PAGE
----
By Keith Boyette –

Mourners and protesters gather at the corner of 38th and Chicago in Minneapolis – the place of George Floyd’s death – to reflect, grieve, and hear the message during a service sponsored by the Worldwide Outreach for Christ – a church in that neighborhood for 38 years. The congregation hosted open-air evangelistic and prayer services for those in the community. Photo by David Parks.

At its founding in its Statement of Moral Principles, the Wesleyan Covenant Association declared, “We believe that all persons are of sacred worth…. The WCA specifically renounces all racial and ethnic discrimination and commits itself to work toward full racial and ethnic equality in the church and in society.” Recent events in the United States underscore how absolutely critical this work is.

We are outraged by the murders of Ahmaud Arbery, Breonna Taylor, and George Floyd. The horrific taking of each of their lives cries out for justice. Yet what they experienced were not isolated incidents. Racism, systemic injustice, and the use of force leading to the killing of African Americans is an affront to God’s good gift of life and human dignity. It has no place in the body of Christ or in any society that aspires to reflect the character of Jesus. It is sin.

As Christians we are called to relentlessly work for a society where African Americans no longer have to fear for their lives or be treated differently when encountered by law enforcement, or when they are simply going about the business of their daily lives. We must dedicate ourselves to building a church that bears witness to the dignity of all God’s people, particularly those who have been marginalized, stereotyped, and treated with cruelty and violence based on the color of their skin. The church must summon every fiber of its being to root out racism in its midst. Collectively and individually, we must examine our hearts, our minds, our institutions, and our practices, and, with unwavering determination, stamp out racism.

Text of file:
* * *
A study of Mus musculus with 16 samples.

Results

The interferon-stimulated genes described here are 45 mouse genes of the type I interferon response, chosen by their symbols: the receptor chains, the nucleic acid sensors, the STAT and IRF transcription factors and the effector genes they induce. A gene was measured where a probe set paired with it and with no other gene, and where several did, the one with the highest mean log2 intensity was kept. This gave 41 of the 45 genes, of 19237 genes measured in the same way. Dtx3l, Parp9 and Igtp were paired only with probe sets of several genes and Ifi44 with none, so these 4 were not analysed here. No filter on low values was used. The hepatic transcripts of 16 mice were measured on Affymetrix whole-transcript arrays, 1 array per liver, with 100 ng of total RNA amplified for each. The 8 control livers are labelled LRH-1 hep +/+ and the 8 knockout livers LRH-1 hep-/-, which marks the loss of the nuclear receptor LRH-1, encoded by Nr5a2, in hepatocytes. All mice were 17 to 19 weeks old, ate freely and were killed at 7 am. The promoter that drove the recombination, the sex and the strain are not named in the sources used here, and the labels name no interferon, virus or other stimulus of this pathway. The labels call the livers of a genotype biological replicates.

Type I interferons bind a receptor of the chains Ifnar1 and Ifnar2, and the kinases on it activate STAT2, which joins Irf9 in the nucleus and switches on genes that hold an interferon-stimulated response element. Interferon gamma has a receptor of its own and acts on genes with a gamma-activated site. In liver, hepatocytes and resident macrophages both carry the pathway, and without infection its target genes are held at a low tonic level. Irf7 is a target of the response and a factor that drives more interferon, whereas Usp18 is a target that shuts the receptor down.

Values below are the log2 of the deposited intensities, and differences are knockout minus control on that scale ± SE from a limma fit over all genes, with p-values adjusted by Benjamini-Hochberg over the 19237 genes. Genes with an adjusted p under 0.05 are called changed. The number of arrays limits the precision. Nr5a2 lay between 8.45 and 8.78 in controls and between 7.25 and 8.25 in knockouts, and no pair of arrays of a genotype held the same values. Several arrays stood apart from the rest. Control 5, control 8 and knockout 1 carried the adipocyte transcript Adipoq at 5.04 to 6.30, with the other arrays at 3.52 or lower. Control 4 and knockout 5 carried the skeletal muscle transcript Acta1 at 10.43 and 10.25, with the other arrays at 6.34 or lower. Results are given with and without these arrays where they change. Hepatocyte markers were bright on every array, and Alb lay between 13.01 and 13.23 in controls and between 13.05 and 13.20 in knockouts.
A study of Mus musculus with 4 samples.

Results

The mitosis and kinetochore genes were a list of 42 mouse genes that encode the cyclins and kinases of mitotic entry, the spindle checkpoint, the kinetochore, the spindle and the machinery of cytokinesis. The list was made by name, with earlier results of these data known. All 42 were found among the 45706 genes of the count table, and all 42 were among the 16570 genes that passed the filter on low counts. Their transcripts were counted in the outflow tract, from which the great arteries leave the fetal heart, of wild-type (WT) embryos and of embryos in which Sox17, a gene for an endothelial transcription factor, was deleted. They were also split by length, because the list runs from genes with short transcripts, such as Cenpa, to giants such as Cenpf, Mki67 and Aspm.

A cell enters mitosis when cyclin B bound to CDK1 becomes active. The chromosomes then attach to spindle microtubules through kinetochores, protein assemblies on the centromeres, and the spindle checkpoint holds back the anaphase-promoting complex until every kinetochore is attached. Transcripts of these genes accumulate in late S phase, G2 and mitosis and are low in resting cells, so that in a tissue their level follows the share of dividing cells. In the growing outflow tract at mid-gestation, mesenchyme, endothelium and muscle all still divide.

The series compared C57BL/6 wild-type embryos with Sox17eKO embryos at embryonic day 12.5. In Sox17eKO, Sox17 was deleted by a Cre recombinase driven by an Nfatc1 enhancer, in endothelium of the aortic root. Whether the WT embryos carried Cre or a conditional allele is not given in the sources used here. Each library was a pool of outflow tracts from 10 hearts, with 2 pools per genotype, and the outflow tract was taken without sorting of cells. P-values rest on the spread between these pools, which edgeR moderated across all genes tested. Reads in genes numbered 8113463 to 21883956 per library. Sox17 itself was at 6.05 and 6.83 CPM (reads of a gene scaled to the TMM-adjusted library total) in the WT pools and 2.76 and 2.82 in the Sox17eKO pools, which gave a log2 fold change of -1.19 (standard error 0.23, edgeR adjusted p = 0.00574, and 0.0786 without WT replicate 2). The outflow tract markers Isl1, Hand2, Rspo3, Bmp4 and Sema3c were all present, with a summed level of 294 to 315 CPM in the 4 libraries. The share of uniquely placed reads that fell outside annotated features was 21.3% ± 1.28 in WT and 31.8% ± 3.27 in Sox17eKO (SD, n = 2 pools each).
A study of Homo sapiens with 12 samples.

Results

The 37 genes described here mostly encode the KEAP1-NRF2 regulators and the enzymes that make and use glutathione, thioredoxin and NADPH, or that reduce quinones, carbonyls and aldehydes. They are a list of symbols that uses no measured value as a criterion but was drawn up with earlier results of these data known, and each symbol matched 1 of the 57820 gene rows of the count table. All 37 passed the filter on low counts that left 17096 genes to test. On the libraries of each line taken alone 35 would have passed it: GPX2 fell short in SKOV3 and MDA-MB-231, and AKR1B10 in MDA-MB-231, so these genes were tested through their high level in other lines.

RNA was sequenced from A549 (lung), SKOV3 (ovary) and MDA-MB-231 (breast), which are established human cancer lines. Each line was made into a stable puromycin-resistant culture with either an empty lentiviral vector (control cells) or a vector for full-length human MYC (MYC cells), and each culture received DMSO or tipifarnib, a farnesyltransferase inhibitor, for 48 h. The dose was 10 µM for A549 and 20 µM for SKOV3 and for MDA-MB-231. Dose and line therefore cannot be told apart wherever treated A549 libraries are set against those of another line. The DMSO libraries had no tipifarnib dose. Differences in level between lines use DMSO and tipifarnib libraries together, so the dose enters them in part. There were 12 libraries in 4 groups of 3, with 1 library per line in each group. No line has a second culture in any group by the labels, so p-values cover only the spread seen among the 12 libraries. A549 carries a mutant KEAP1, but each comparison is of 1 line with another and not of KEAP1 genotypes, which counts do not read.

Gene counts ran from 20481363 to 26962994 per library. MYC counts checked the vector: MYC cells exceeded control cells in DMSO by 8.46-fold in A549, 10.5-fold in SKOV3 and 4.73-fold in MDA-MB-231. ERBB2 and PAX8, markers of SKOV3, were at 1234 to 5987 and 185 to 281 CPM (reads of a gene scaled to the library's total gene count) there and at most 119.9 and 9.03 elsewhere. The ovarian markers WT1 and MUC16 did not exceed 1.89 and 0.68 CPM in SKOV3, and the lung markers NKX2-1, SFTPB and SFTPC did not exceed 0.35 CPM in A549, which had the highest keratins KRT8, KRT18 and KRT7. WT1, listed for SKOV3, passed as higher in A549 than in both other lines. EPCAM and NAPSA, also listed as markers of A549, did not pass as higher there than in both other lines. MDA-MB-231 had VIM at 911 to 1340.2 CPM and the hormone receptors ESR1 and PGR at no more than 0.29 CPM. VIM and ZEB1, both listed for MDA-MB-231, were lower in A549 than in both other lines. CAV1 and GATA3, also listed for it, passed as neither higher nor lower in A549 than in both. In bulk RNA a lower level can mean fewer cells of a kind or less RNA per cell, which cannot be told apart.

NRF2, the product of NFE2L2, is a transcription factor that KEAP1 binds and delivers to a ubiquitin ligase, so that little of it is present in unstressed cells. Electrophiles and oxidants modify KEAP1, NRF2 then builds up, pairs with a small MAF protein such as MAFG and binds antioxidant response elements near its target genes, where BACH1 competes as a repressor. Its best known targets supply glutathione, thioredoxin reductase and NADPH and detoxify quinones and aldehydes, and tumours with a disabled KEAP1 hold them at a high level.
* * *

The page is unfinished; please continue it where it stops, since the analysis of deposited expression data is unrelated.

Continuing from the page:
The battle against the evil of racism requires far more than an occasional statement or symbolic ceremony. Rooting out the conscious and unconscious ways in which we diminish others requires perseverance and disciplined focus. We must continually call ourselves to account. We must empower others to speak truth into each of our lives. There is no room for rationalization or justification. The work requires persistent, sacrificial discipline proactively engaging our own prejudices, biases, and actions, and engaging the ways in which those prejudices and biases have found expression in the systems of which we are a part. The work calls us to intervene and speak up when we are witnesses to racism and systemic injustice. We must overturn systemic injustices.

At its foundation, Scripture calls us to acknowledge that every person we encounter is made in the image of God – nothing diminishes or obviates that reality. Therefore we Christians must accord all people their human dignity, defend their God-given rights, and see that justice is done for them just as we expect it to be done for ourselves.

In recent days, I read again the words of the Rev. Dr. Martin Luther King, Jr. in his “I Have A Dream” speech delivered on August 28, 1963, at the Lincoln Memorial in Washington, D.C. He declared, “Now is the time to make real the promises of democracy. Now is the time to rise from the dark and desolate valley… to the sunlit path of racial justice. Now is the time to lift our nation from the quicksands of racial injustice to the solid rock of brotherhood. Now is the time to make justice a reality for all of God’s children.”

Sadly, we have failed to “make justice a reality for all God’s children.” We must acknowledge our failure and redouble our commitment to work toward full racial and ethnic equality in the church and in society. Let us not relent or rest until we have achieved that reality.

Keith Boyette is president of the Wesleyan Covenant Association and an elder in the Virginia Conference of The United Methodist Church.